As you can imagine, I couldn’t get the lightmapping to work. So like any good designer (I hope) It was time to re-design this game to something I can actually make, or attempt to make if it doesn’t work out.
As you can see, quick sketches are my calling in life. I decided to go much simpler with the design for my level by making it 2D instead of 3D and also using sprites and not 3D models until I can master the lighting.
As before with a small Flash game I made, I used Manga Studio for the line art and temporary colour while I got to grips with Unity’s interface and scene editor. Unity itself seems more bare bones than Unreal, but still familiar enough that once you know where tabs and buttons are, you can make a pretty good effort and creating a scene without too much help.
Step 2 was concept art. To be able to show people what I was planning to make and to help myself visualize it, I used the art I had made in Manga Studio to create a mock-up screenshot for the game. The graphics I created were simple trees put on separate layers to create a dense forest, and then between the foreground and background I placed a solid black layer and turned the opacity down to give the feeling of depth and to add to the nighttime scene.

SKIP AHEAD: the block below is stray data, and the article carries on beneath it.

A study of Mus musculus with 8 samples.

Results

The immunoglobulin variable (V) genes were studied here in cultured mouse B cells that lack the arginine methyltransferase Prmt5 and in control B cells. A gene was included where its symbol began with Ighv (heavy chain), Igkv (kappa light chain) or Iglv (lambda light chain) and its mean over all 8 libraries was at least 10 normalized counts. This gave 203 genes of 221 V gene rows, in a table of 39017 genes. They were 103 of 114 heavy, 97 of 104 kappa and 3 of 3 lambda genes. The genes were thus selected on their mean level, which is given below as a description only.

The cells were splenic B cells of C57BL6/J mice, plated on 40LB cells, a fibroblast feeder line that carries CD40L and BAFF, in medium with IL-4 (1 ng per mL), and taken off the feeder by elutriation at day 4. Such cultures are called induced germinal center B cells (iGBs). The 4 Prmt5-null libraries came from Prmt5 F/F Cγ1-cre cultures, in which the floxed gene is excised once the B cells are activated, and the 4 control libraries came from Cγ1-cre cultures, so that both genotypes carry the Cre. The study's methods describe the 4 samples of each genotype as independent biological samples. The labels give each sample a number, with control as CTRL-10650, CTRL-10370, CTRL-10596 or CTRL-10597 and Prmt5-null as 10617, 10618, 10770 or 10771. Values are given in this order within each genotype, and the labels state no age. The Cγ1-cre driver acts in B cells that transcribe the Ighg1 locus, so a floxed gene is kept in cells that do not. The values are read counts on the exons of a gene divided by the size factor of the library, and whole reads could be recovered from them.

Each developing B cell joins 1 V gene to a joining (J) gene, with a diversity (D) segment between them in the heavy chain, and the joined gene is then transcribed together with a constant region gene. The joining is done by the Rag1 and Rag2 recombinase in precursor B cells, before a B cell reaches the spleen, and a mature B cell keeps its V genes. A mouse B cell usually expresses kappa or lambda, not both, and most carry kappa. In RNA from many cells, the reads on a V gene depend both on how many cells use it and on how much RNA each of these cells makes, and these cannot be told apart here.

I have no idea how to tackle the lighting in the actual game. Whether I should try to emulate my current example and have a transparent layer act as the torchlight or to use Unity’s in game light objects to shine light on the sprites, if that’s even possible as they are 2D. But I will cross that bridge later.
Time to import! Once I had imported all of the images in to Unity and arranged them in the scene editor, I noticed that if I wanted depth in the game and parallaxing backgrounds, I’d need redraw the sprites I had created to include the ground at different distances, otherwise it just looks like random trees are floating due to the angle of the camera.
Now I’m looking in to using pixel art instead of drawn sprites, as I have recently found a great website for creating and animating them instantly called Piskel. So, now I have set myself the task of creating a running character for the game, and then seeing if I can make him move. Here’s a fire.